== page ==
1. Overview

Most of the modern large-scale applications are reactive in nature. Such systems follow an event-driven programming paradigm and are generally highly scalable and resilient to failures. There are many tools available for us to build such systems. Monix is one of such offerings for Scala and Scala.js.

In this short tutorial, we’ll familiarize ourselves with this library.

2. What Is Monix?

Monix is a high-performance Scala library built for composing asynchronous and event-driven programming. The name Monix originates from Monads and Rx. It began as an implementation of ReactiveX. Hence, it supports backpressure handling and ReactiveStreams protocols by default. It offers concurrency primitives such as Observable, Task, and many more. Being a Typelevel project, it’s compatible with other Typelevel libraries such as Cats.

Let’s look at an example using the Task data type to construct an asynchronous program:

def sampleMonixTask(a:Int, b:Int): Task[Int] = Task {
  val result = {
    a + b
val task = sampleMonixTask(5, 5)

The Task data type is lazy by default. Therefore, to start the execution of the program, we need a trigger. Let’s call the runToFuture method and examine the result:

val f = task.runToFuture
println(f.value)  // Prints Some(Success(10))

There are several other methods to run the task. Let’s look at the runAsync method that takes a callback method and returns a Cancelable:

val cancelable = task.runAsync { result =>
  result match {
    case Right(value) => println(value)
    case Left(ex) => println(s"Exception: ${ex.getMessage}")
} // prints 10

Moreover, there are several advantages of using the Task data type. For one, it gives us more fine-grained control over the execution — we can decide how and when the asynchronous program executes.

3. Monix Sub-Projects

The Monix project has followed a modular design. As a result, it’s composed of several sub-projects. This helps us to pick and choose only those components required for our projects. Let’s go through each one of them and see what they’re used for.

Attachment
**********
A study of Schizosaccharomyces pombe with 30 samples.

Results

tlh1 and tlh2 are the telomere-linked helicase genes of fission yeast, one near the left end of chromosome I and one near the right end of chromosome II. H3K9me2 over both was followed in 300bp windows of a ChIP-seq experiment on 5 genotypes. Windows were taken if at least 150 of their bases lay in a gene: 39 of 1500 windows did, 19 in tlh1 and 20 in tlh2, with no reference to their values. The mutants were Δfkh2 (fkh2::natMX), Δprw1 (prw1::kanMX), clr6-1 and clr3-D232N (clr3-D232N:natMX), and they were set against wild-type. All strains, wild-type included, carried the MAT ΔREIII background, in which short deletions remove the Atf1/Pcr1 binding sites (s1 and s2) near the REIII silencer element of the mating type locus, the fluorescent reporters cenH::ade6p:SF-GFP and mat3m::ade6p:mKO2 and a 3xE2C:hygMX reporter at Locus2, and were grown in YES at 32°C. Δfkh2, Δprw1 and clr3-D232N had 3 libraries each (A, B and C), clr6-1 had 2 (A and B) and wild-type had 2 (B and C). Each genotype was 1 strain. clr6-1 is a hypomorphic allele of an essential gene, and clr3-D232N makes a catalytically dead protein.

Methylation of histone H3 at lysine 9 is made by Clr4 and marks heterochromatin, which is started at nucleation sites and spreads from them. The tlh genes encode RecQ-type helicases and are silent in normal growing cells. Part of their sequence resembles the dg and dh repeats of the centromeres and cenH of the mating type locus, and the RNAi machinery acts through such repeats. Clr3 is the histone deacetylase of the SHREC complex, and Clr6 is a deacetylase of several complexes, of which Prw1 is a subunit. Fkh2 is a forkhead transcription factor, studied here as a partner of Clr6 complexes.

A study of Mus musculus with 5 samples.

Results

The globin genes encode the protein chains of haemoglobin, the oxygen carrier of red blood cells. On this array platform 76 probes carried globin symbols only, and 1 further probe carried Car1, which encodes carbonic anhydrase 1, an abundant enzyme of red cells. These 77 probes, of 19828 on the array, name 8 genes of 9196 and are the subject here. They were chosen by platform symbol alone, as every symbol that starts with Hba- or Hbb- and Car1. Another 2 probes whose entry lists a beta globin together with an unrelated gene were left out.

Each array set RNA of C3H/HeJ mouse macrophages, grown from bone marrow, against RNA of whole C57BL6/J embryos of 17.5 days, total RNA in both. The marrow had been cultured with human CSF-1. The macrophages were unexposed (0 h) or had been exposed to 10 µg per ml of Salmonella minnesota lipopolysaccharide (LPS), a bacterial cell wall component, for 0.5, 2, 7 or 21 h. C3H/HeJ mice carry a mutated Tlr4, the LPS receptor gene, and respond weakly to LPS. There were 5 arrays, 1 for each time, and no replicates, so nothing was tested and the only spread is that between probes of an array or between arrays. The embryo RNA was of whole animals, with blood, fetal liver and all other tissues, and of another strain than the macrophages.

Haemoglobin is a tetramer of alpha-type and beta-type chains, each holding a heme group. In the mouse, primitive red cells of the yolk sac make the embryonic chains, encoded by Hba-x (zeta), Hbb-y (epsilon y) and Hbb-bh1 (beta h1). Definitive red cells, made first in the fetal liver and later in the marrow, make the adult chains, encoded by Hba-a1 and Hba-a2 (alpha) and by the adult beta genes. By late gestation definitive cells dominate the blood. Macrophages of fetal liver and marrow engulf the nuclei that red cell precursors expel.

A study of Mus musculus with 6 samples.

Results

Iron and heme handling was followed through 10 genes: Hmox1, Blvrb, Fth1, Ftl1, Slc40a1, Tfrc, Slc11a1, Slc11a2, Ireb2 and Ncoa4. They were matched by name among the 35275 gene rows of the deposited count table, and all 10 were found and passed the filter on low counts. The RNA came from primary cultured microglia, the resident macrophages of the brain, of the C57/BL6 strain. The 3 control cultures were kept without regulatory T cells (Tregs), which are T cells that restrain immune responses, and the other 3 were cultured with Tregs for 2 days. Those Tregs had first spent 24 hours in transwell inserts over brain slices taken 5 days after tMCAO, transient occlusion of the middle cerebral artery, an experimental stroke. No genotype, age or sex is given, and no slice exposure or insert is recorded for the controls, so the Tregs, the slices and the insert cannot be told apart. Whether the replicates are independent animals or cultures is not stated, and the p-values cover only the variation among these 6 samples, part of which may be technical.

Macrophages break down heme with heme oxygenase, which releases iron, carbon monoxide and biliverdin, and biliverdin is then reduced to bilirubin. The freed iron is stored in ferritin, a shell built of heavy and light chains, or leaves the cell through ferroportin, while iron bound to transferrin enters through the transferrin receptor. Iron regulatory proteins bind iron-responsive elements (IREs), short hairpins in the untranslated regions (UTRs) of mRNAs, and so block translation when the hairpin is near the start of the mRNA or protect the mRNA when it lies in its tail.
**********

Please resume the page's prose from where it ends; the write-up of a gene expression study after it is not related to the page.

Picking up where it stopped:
3.1. monix-execution

Let’s start with the monix-execution module. This module provides us the low-level primitive types for asynchronous execution. It’s built on top of the scala.concurrent package. Scheduler, Cancelable, and Callback are some of the useful members of this module.

3.2. monix-catnap

Next is the monix-catnap module. It provides us generic and purely functional abstractions for managing concurrency. It’s built on top of Cats-Effects. CircuitBreaker and MVar are the major components in this module.

3.3. monix-eval

The monix-eval module helps in dealing with purely functional effects in a principled manner. Task and Coeval are major components for controlling side-effects and effectively dealing with concurrency.

3.4. monix-reactive

The monix-reactive module implements the Observer pattern using the ReactiveX design guidelines. It exposes the Observable data type, a high-performance streaming abstraction.

3.5. monix-tail

Finally, the monix-tail module provides us utilities for asynchronous streaming using a pull-based protocol. It exposes the highly composable and flexible streaming data type Iterant.

4. Conclusion

In this tutorial, we’ve seen the Monix library and its applications. Then we saw an example using the Task data type and some of its advantages over Scala’s standard library. After that, we saw the list of sub-projects within Monix and learned the components and functionalities of each of them.

As always, the full source code of the article is available over on GitHub.